A Fairfax man whose illegal all-terrain vehicle park next to Manassas National Battlefield Park had angered government officials, neighbors and history buffs has agreed to take his machines and go away.
Sam Unuscavage, who once dismissed sensitivities about the battlefield by noting that "the war's over" and insisted that he was "going to do whatever I feel like doing" on the property, has agreed to terminate his lease and get rid of the dirt ramps and motorcycle jumps on the land.
Unuscavage's action comes as his landlord was preparing to evict him and after Prince William County officials had obtained an injunction in November against using all-terrain vehicles and motorcycles on the land. His landlord also was facing a fine of $1,000 a day every time Unuscavage violated the injunction -- which was frequently, according to a neighbor's affidavit filed in Prince William Circuit Court.
"We began to take steps to throw him out, but we came to this resolution before we had to do that," said Randy Frostick, lawyer for Unuscavage's landlord, TOV LLC. "Basically, the case is going to be dismissed and the injunction will be permanent, but it won't really matter because Mr. Unuscavage will be out of there."
And that's fine with neighbors, including Mary Ann Ghadban, who said Unuscavage and others were using the field as recently as this past weekend. "You can't let someone so arrogant and disrespectful of the law win," she said. "He thumbed his nose at the zoning laws of the county, and you just don't do that. We're not the Wild West out here."
The agreement was hammered out after county officials showed that Unuscavage was apparently violating the injunction. "The parties moved aggressively once we showed cause that he had been continuing to ride," said Assistant County Attorney Curt G. Spear Jr., crediting eagle-eyed neighbors. "It's not that hard to observe, particularly when they were flying over jumps that take them 20 feet in the sky."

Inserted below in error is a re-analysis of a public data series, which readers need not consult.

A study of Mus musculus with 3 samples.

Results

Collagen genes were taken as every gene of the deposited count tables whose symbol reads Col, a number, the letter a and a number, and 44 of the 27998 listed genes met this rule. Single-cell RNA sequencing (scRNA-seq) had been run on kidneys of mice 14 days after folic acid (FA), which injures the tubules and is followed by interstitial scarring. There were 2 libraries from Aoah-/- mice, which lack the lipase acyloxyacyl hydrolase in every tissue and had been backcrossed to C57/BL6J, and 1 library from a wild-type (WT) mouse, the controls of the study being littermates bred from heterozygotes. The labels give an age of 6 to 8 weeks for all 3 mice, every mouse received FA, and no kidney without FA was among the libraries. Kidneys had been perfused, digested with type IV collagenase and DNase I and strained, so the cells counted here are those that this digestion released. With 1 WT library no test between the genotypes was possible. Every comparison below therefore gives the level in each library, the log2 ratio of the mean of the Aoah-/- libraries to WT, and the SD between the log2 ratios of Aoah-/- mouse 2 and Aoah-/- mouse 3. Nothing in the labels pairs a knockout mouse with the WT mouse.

Unuscavage was only the latest to try -- and fail -- to locate a business near the battlefield, an act that some consider an insult to the hallowed ground of the Civil War site, where thousands fell in two major battles. Over the past two decades, preservationists have successfully fought efforts by John T. "Til" Hazel to build a mall and by Walt Disney Co. to build a historical theme park nearby.
Since last fall, when Unuscavage began cutting down trees on the 23 acres off Route 29, he had insisted he was complying with county laws. Despite evidence that Unuscavage was charging people to use the park and had advertised it on the Internet and through fliers, the Centreville man had insisted he was using the land for farming. Any riding would be limited to himself and friends, he told officials.
Frostick said the land will now be put back on the real estate market for other uses.
Unuscavage and his lawyer could not be reached for comment yesterday. County officials said they were pleased with the settlement.
"Goodbye and good riddance," said Sean T. Connaughton (R-At Large), chairman of the Board of County Supervisors.
"It was a wise move," said Supervisor Edgar S. Wilbourn III (R-Gainesville), who represents the area. "He realized he wasted a lot of time, effort and money on a futile cause."